For most of us, independence and privacy are an important condition for a comfortable life. We each have our habits and methods of doing things, and life has a rhythm that just “fits” our personalities. But as people age and physical changes occur, we may find ourselves or loved ones dealing with those changes ineffectively. Sooner or later the question starts ringing in our heads, “When should I look for help?”.
But then we think, “Oh, I don’t need help. I don’t want to be a burden to anyone.”. Or, “I can’t tell Mom what to do; she’d never listen to me.”. Or, “Dad would never accept help; he’s too proud.”. Or, “It’s not time yet. Let’s wait.”. So, we wait and do what we can ourselves, all the while still wondering, “When should I look for help?”
The good news is we don’t have to guess. There are some common indicators that tell us when it’s time to get some help. We don’t have to wait for a crisis situation to throw everyone into a panic. If fact, the goal should be to avoid the crisis, for everyone’s benefit.
Here are some indicators to consider:
- Physical Condition: Have you or your loved one been diagnosed with a medical condition that affects their daily living? Examples: dressing, grooming, shaving, toileting, eating.
- Personal Care: Are baths/showers being taken regularly? Is there any body odor? Are teeth and hair brushed and washed regularly? Are incontinence products worn if necessary and changed regularly and correctly?
- Driving: Has driving become difficult, uncertain or scary? Have reflexes and decision making slowed? Have new dings, dents or scratches appeared on vehicles?
- Nutrition: Is your or your loved one’s weight stable? Are they eating regularly and nutritiously? Is the refrigerator properly stocked with a variety of foods? Do any of the foods have expired dates? Is there spoiled food in the refrigerator or on the counters?
- Household Tasks: Are household chores being done regularly? Examples: dusting, laundry, vacuuming. Are bed linens changed regularly? Have household chores become frustrating, physically demanding or time consuming?
- Socialization: Does your loved one have moods of loneliness, despair, depression, frustration, irritability or anxiety? Is there fear or anxiety about leaving the house?
- Mental Health: Are there memory lapses? Is there difficulty finding the right words? Is there inconsistency between words and action? Is insecurity or moodiness evident?
- Medication: Are medications being taken regularly and on time? Are medications being refilled on schedule? Does your loved one understand what the medications are being taken for?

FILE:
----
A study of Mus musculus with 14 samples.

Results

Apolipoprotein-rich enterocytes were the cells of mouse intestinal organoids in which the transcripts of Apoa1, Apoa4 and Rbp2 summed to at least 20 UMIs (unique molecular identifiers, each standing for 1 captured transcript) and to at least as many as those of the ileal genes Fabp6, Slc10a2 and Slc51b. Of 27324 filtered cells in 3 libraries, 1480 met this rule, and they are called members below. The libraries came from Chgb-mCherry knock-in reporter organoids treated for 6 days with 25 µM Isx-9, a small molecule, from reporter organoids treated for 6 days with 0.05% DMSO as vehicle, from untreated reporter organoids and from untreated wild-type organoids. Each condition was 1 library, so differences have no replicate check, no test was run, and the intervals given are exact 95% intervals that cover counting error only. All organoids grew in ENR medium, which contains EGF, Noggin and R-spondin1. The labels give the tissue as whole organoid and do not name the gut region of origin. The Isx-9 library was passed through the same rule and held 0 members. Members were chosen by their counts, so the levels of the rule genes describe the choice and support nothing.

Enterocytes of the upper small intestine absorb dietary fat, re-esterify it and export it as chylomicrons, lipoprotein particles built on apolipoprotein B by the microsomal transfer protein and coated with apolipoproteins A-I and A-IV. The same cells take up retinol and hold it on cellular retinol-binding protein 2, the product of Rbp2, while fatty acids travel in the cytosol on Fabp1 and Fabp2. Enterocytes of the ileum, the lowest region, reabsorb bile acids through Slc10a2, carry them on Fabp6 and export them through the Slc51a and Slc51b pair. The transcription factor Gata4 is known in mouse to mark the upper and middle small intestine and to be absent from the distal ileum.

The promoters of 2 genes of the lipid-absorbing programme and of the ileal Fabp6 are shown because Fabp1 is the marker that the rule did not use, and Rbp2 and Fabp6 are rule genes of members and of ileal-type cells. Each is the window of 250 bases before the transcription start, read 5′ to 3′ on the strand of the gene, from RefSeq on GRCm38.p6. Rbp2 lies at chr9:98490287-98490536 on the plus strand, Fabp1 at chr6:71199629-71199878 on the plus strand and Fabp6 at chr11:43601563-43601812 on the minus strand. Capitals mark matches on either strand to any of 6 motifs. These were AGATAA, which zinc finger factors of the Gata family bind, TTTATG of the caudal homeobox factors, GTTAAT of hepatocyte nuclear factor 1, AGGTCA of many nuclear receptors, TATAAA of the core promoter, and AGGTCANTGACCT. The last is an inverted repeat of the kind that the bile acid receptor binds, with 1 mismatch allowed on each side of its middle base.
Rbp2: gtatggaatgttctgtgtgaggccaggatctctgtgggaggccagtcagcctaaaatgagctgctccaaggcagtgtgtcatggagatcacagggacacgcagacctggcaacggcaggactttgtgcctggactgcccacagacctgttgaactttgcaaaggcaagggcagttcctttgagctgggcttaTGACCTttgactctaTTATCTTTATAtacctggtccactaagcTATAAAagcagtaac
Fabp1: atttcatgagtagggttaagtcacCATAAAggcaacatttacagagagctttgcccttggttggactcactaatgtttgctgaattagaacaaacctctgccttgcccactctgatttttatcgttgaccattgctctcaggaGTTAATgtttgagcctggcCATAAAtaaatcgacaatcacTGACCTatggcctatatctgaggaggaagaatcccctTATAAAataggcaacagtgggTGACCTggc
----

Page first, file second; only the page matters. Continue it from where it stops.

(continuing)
- Finances, Mail, Paperwork: Are they having difficulty managing their checkbook, finances, bills or personal affairs? Are there past-due notices arriving? Is mail piling up? Is there a reasonable amount of cash on hand? Are important documents or similar items like purses, wallets and keys being misplaced frequently or for long periods of time? Are they appearing in unusual places?
- Safety, Security and Sanitation: Are appliances being left on such as the stove or coffee pot? Does your loved one fall asleep with cigarettes burning? Is the house temperature getting too hot or too cold? Is the house frequently unlocked? Have they fallen in the past 6 months? Have there been multiple falls? Is there clutter on the floor? Is trash piling up in or around the house? Are toilets functioning properly? Are pets being taken care of?
Family members often see the changes in the way their loved one moves, acts, thinks and responds to situations around them but dismiss them until one of two things happen: (1) family begins to spend so much time helping their loved one that they have little time for their own responsibilities, or (2) the senior experiences a physical or medical crisis. Both of these result in undue stress for the family and their loved one. If you have a concern with even one set of indicators, it’s time to acknowledge it, learn more about what is causing it, and explore what options are available to overcome it. Speak openly, calmly, and honestly about the issue(s) and the type of assistance needed to support your loved one. Frequently, simple changes can make big improvements.
We encourage you to be proactive and avoid a crisis situation that throws everyone into an emotional reaction. Calm, rational transitions are easier on everyone than stressful, rushed ones.
Finally, keep your efforts as informal as possible. Rather than going through the house like an inspector with a checklist, make your observations through normal, casual interaction. Make a mental note when you see things that are of concern. Keep conversation non-threatening and cooperative. Make every effort to respect the senior’s wishes while assisting and supporting them.